I went to Nashville last week, and I have a thought I want to share. If you’ve never been, I highly recommend it. It’s a city full of artists, dreamers, and hopefuls. Being surrounded by that was wonderful.
I was there for a national writer’s conference, to improve my craft and make connections for my own dream of having the things I write published for people to read and enjoy and hopefully love. And while I was surrounded by other writers—published and not, and all were incredibly inspiring and encouraging—they aren’t the subject of my above-mentioned thought.
It was the musicians.
Nashville is music. That’s what makes Nashville special and unique. If there’s another town like that, someone tell me and I’ll visit there, too.
On any given day, live music can be found at dozens of places around the city. Midday, afternoon, evening—there’s always someone playing. Every evening we went to see someone different. No musician was the same—male/female, young/old, country/rock/folk, alone/with a band. But they all had one thing in common.
They love what they’re doing. They’re passionate. They’re trying their level best to break into one of the most competitive businesses in the world, and I’m positive for most of them it’s not to be rich and famous and known. It’s to share their passion and maybe, just maybe get to a point where they can support themselves completely with that passion.
One night we saw a guy who played for five people sitting in the bar. Another night there were maybe fifteen people, but only a few were actively paying attention or listening. And a third night we went to this place called The Listening Room, where everyone in the room was enraptured by each song played, and all attention was on the stage. And you know what? The musicians in all three scenarios played the same. They played with passion and heart and emotion regardless of who was listening. It was beautiful and inspiring, and if I’m honest at times hard to watch. In the first two scenarios I wanted to grab people off the street and poke the other people in the bar and say, “Listen to this guy! Look, see how good he is? Do you hear this song, and how beautiful the lyrics are? Listen and give him your attention and give him a few bucks, because he’s out here and trying and it’s awesome.”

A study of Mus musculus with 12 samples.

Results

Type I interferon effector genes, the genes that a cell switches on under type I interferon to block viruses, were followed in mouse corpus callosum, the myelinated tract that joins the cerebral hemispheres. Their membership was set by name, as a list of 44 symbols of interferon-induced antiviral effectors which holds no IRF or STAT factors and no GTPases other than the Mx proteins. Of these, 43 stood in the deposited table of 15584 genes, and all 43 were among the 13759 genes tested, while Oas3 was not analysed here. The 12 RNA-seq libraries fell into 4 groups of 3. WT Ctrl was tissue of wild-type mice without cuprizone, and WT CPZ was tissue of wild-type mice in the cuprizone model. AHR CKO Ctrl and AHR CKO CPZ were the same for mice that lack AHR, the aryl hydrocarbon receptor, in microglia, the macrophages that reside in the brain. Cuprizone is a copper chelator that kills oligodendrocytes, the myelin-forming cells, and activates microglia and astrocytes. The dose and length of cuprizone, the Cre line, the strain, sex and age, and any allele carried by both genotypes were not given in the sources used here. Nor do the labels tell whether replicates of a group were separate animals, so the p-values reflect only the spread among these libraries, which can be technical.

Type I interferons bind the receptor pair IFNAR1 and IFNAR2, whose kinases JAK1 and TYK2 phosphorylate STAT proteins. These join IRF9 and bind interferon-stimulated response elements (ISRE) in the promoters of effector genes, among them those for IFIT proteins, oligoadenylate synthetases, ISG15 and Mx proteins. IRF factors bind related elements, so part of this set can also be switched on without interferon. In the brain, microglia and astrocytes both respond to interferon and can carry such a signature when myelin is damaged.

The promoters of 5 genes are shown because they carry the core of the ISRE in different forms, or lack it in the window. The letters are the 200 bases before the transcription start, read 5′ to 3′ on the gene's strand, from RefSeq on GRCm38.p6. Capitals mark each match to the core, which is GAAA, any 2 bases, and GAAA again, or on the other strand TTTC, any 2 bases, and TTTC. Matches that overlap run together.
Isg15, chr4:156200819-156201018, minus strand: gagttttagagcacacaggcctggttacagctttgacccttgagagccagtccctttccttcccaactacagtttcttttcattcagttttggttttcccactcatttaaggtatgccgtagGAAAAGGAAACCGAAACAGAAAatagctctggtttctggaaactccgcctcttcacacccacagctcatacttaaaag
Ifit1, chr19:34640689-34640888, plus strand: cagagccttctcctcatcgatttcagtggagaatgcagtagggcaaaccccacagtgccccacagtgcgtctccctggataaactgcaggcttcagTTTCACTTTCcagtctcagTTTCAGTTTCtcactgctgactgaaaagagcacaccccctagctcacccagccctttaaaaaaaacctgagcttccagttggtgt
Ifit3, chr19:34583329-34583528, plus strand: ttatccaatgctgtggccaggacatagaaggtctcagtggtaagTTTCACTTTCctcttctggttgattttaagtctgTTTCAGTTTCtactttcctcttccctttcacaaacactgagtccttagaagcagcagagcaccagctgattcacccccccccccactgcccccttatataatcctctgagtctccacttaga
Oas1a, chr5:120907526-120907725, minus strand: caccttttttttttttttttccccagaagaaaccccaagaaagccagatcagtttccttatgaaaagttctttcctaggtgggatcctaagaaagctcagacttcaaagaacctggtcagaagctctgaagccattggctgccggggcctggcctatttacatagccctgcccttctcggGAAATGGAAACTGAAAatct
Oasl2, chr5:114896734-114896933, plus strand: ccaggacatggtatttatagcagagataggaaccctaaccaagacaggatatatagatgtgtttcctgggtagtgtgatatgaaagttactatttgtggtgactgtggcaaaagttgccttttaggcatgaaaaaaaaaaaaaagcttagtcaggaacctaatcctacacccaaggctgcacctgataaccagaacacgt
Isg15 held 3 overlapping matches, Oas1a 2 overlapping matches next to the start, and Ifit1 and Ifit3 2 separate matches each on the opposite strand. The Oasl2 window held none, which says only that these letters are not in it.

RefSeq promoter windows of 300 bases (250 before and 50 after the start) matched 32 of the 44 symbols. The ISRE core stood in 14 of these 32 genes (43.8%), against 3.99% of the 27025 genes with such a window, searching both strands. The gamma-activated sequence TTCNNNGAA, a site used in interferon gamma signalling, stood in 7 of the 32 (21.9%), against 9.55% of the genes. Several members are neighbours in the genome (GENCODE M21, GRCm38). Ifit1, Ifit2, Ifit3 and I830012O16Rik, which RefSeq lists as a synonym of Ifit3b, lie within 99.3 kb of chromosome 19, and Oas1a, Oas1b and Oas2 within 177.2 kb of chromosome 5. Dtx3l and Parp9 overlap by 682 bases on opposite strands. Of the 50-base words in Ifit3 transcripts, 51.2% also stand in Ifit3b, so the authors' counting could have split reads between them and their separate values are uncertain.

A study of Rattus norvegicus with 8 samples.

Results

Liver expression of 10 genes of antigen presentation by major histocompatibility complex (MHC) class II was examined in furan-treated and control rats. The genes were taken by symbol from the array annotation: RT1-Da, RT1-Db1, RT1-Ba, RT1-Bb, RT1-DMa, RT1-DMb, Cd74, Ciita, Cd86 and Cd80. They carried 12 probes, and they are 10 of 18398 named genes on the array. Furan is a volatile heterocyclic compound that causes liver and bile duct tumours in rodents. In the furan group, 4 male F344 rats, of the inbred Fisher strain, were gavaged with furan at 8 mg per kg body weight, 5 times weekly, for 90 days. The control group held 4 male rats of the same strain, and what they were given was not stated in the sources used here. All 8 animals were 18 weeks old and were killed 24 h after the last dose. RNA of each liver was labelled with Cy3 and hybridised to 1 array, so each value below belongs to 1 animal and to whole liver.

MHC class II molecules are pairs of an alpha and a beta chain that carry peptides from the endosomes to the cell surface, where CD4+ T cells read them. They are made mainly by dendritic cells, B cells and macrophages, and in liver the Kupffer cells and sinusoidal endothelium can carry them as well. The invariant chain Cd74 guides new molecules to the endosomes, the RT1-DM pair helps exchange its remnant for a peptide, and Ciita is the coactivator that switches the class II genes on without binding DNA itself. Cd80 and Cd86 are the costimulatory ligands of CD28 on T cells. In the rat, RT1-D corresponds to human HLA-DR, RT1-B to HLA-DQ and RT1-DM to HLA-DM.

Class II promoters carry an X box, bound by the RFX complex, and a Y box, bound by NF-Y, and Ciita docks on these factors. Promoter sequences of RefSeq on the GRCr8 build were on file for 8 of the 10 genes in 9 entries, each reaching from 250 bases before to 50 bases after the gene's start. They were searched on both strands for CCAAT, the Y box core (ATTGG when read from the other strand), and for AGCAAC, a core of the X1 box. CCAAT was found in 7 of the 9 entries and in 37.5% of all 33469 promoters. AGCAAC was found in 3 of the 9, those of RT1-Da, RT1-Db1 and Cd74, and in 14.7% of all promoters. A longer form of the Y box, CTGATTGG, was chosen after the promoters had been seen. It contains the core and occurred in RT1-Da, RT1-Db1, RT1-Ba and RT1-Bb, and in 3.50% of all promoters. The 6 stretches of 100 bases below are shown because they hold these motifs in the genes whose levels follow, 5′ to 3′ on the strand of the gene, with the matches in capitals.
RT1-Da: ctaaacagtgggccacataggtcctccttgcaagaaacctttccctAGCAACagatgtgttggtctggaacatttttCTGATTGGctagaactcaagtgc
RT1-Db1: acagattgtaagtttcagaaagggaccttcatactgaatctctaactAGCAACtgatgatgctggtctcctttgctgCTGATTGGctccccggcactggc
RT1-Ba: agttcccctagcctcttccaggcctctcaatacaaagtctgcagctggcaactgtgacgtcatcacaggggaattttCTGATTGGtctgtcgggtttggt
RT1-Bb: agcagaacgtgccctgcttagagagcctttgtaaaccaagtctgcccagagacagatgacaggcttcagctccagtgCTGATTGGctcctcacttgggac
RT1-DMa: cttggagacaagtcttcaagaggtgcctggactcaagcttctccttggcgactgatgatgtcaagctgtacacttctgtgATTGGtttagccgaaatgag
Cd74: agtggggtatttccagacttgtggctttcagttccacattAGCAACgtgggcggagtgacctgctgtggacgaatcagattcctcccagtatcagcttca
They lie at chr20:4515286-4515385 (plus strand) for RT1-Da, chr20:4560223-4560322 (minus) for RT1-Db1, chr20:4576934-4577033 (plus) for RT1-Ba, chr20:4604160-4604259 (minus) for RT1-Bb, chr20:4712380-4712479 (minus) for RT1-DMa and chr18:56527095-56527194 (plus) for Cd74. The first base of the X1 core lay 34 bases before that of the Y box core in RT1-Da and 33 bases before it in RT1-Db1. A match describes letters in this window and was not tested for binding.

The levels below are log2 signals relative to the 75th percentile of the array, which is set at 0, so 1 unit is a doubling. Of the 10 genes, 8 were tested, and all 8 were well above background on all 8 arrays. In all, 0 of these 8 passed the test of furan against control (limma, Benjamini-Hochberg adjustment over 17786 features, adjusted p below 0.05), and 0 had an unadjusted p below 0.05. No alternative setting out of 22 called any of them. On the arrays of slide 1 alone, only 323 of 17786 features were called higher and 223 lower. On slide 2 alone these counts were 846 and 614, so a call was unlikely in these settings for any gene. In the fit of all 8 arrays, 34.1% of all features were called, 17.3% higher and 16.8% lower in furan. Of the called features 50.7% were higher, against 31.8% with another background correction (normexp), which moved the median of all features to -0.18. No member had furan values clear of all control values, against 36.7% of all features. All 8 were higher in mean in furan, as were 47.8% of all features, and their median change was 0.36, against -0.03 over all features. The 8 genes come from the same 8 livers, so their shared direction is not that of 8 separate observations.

As a writer who is trying to get my work out there for people to read, I felt a connection to these musicians. But in a way, what they’re doing is harder. I can write something and e-mail it to a friend, or an editor, and be completely oblivious the moment they begin reading it. I don’t have to watch their face as they read, and count the number of times they look up and around like they got bored and wish they were reading something else. Or see a frown on their face because something I write doesn’t make sense, or didn’t come across the way I’d intended. I don’t have to sit there on the edge of my seat, looking at their expression the minute they finish, hoping to see a smile or a look of wonder or awe. (I could, of course, but I’d never do this to myself. I prefer to be far, far away when someone reads my stuff for the first time.)
For a musician to get their art out there, they have to play it for people. Can they record it and send it off? Sure. But a live performance is so much better, and is probably what they want to be doing, anyway. They put themselves out there night after night, hoping people enjoy what they created, and having to look into the faces of the people who didn’t. And then play another one. Night after night.
It’s incredible. It’s difficult. It’s inspiring.
So, thanks, Nashville. Every musician in that town has moved me, and I’ll keep writing and keep putting myself out there. If you can, I can too.